Thursday 11 October 2007

Title fight! Scream Bloody Murder

Going through my pile of as-yet-unwatched DVDs last night, I discovered I had two films with the same title. Now, life is confusing enough without this kind of malarkey... I mean, who hasn’t sat the kids down to watch Fletch, only to discover they’ve accidentally slipped Andy Warhol’s Flesh into the machine? And I don’t even want to think about the disastrous screening of Kramer vs. Kramer I put my elderly grandmother through (there’s barely anything on that box to distinguish it from Freddy vs. Jason). Nope, you don’t need me to tell you that title-sharing is a bad idea.

So, what is one to do when faced with two films with exactly the same name? And what title could be so enticing, so powerful, so intriguing that there’s more than one movie vying for it? Well, I’ll tell you... it’s Scream Bloody Murder. Isn’t it just... chilling? All that screaming and blood, not to mention the murder. I bet it’s a real shocker. Trouble is, which film deserves it? There’s only room for one Scream Bloody Murder in my collection, and only one way to settle the dispute... Ding-ding! Title fight!

The first contender for the title Scream Bloody Murder is Marc B. Ray’s 1973 film – we’ll call it SBM’73 – about a disturbed young man who embarks on a killing spree across California. Matthew (Fred Holbert) has been in an asylum since childhood, when he ran over his father in a combine harvester. Now he’s out, he has a hook for a hand (thanks to the same incident) and he’s not happy. The root cause of all this anger is the fact that his mom’s remarried, so he shows his disapproval by hacking up the new husband with an axe – and then accidentally killing Ma for good measure. From here on in, it’s meet-greet-slaughter, as Matthew does away with just about everyone who crosses his path, spurred on by visions of his dead mother. Most of his victims scream, it’s all very bloody, and peppered with murder... Sounds like a strong contender, huh? Let’s meet the competition.

Ralph E. Portillo’s Scream Bloody Murder is a straight-to-video slasher move from 2000. We’ll refer to it as SBM2000 to distinguish it from the 1973 film and make it sound a bit like a vacuum cleaner. Its heroine is “Jewels” (short for Julie – sheesh, this one’s already losing points), who arrives at the remote Camp Placid Pines to work as a counsellor over the summer. But rumours are rife that a killer named Trevor Moorehouse stalks the surrounding woods and, when her colleagues start disappearing one by one, she begins to believe there might be some truth to them. Let’s see how the movie stacks up against its rival...

Round 1: The title card

No contest here: SBM2000 pits some random trees and a generic title font against SBM’73’s shocking freeze-frame of a screaming child with a mangled hand! You can almost see the blood dripping off the screen. Winner: SBM’73

Round 2: The psychopath

Both killers are pretty freaky: Amish hair and a hatchet is not a combination I’d like to come up against but, as madmen go, SBM’73’s Matthew is a little on the weedy side. On the other hand, Trevor of SBM2000 sports Jason’s mask, Leatherface’s chainsaw and Michael Myers’ boiler suit... He’s a one-man fashion parade of horror. As the camera panned behind him, however, that’s when I knew we were really in trouble...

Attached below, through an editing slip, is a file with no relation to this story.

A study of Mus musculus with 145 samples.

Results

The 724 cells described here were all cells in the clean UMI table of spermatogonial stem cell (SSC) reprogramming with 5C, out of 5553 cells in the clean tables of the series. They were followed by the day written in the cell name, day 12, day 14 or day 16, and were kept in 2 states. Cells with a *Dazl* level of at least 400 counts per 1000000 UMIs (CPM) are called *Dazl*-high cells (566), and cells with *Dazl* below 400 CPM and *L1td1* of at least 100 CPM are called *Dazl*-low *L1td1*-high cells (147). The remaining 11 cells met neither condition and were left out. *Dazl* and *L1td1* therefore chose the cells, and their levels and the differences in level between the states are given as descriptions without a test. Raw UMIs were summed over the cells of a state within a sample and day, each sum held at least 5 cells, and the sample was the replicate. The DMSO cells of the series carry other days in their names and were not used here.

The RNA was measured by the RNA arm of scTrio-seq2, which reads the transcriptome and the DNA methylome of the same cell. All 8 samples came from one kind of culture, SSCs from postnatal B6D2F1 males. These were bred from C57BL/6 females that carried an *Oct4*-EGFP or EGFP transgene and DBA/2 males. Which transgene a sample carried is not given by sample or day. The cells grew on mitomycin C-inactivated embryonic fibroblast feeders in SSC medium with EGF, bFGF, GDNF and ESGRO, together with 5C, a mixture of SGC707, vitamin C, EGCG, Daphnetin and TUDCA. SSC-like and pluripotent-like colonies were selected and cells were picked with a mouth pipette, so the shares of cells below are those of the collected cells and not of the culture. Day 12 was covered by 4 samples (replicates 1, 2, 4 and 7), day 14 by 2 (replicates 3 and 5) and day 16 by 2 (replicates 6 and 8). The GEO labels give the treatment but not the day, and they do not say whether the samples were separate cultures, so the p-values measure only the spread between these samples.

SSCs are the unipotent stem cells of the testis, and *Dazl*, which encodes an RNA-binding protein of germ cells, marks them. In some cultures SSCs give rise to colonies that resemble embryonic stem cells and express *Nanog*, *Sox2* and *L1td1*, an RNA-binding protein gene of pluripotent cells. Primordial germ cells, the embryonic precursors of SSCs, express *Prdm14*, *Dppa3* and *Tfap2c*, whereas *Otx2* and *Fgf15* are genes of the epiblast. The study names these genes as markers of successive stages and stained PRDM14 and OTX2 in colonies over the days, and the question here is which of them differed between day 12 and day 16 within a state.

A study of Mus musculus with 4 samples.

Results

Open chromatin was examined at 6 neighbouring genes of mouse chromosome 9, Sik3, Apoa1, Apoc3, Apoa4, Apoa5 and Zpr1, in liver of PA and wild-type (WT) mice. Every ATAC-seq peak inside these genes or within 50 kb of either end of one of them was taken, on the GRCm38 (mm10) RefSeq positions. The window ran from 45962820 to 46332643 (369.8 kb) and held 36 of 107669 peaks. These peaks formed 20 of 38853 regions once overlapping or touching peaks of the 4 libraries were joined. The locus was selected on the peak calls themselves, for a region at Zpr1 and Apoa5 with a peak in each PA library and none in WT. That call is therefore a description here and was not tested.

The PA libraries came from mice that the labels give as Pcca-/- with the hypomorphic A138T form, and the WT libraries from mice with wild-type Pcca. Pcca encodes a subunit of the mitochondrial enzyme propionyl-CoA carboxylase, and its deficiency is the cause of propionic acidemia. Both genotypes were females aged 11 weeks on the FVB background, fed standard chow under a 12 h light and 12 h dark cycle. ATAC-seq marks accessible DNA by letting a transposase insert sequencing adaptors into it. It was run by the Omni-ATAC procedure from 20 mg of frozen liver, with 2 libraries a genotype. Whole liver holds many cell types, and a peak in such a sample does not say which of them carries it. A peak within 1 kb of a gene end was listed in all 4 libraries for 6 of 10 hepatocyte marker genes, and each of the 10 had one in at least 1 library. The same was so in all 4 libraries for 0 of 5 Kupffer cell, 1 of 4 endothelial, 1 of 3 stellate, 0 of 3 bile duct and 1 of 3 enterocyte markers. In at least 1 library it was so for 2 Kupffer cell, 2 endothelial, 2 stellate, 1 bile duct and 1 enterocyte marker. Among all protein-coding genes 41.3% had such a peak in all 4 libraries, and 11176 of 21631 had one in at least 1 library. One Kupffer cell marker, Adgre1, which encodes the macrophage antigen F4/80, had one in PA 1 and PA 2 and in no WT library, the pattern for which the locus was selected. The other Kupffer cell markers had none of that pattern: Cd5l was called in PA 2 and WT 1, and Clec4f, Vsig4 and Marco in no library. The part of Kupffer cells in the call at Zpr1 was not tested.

Yes, Trevor Moorehouse has pooped himself, people. Now that’s disturbing. Here is a killer so psychotic that he doesn’t even drop ’em to drop one off. On the plus side, I can’t see him creeping up behind you unannounced, if you get my drift. Still, to be quite honest, I don’t want him anywhere near me – and that’s surely the best compliment you can pay a movie psycho. Winner: SBM2000

Round 3: The action (Spoilers!)

It would be accurate enough to describe both Scream Bloody Murders as slasher movies, although SBM’73 is a more character-focused piece, while SBM2000 is a standard run-around-the-woods hack-’em-up. Both are highly reminiscent of other films, the difference being that SBM’73 lays down the conventions that many others would later follow (1980’s Maniac is an obvious descendant) while SBM2000 simply copies superior predecessors like Friday the 13th and Madman.

Both films also feature a fairly equal amount of murder and mayhem, but only SBM’73 had me in any way cringing. Its gore is mainly limited to bright crimson blood splashing around, but Matthew’s attacks (particularly with the hatchet) are so frenzied, they come across as quite brutal. In contrast, the deaths in SBM2000 are largely bloodless and often off-screen (whereas the only off-screen killing in SBM’73 is that of a dog – although it’s still a distressing moment, especially the way it makes Matthew cry).

As for the fate of each killer... SBM’73’s climax finds Matthew inside a church, assailed by visions of his former victims who proceed to hack him to pieces, culminating in a gob-smacking final shot. At the end of SBM2000, the killer is, er, handcuffed and driven away (...or is he? Hmm). Winner: SBM’73


SBM’73 is a nasty, engrossing little grindhouse pic that still manages to disturb despite its age, grainy shape and sometimes dawdling pace. 3/5

SBM2000 is a witless clone of better slashers, with characters you couldn’t care less about, long stretches of tedium, and a convoluted but ineffective climax. 1/5

The winner!
SBM’73, you really deserve the title Scream Bloody Murder and you’re welcome to hang around in my DVD collection as long as you like. SPM2000, you need a new title. I suggest The Poopy-Pants Murders.

1 comment:

Anonymous said...

I love SBM '73. That scene where the maid gets killed MUST have been directed by someone on the 2nd Unit! It looks like a whole other film!

It's a lot of fun and lead guy is REALLY over the top. He kind of makes the whole thing worthwhile.

PS - I just discovered that you have a tag called Films that fucking suck. I instantly clicked on it because you know, I'm a glutton!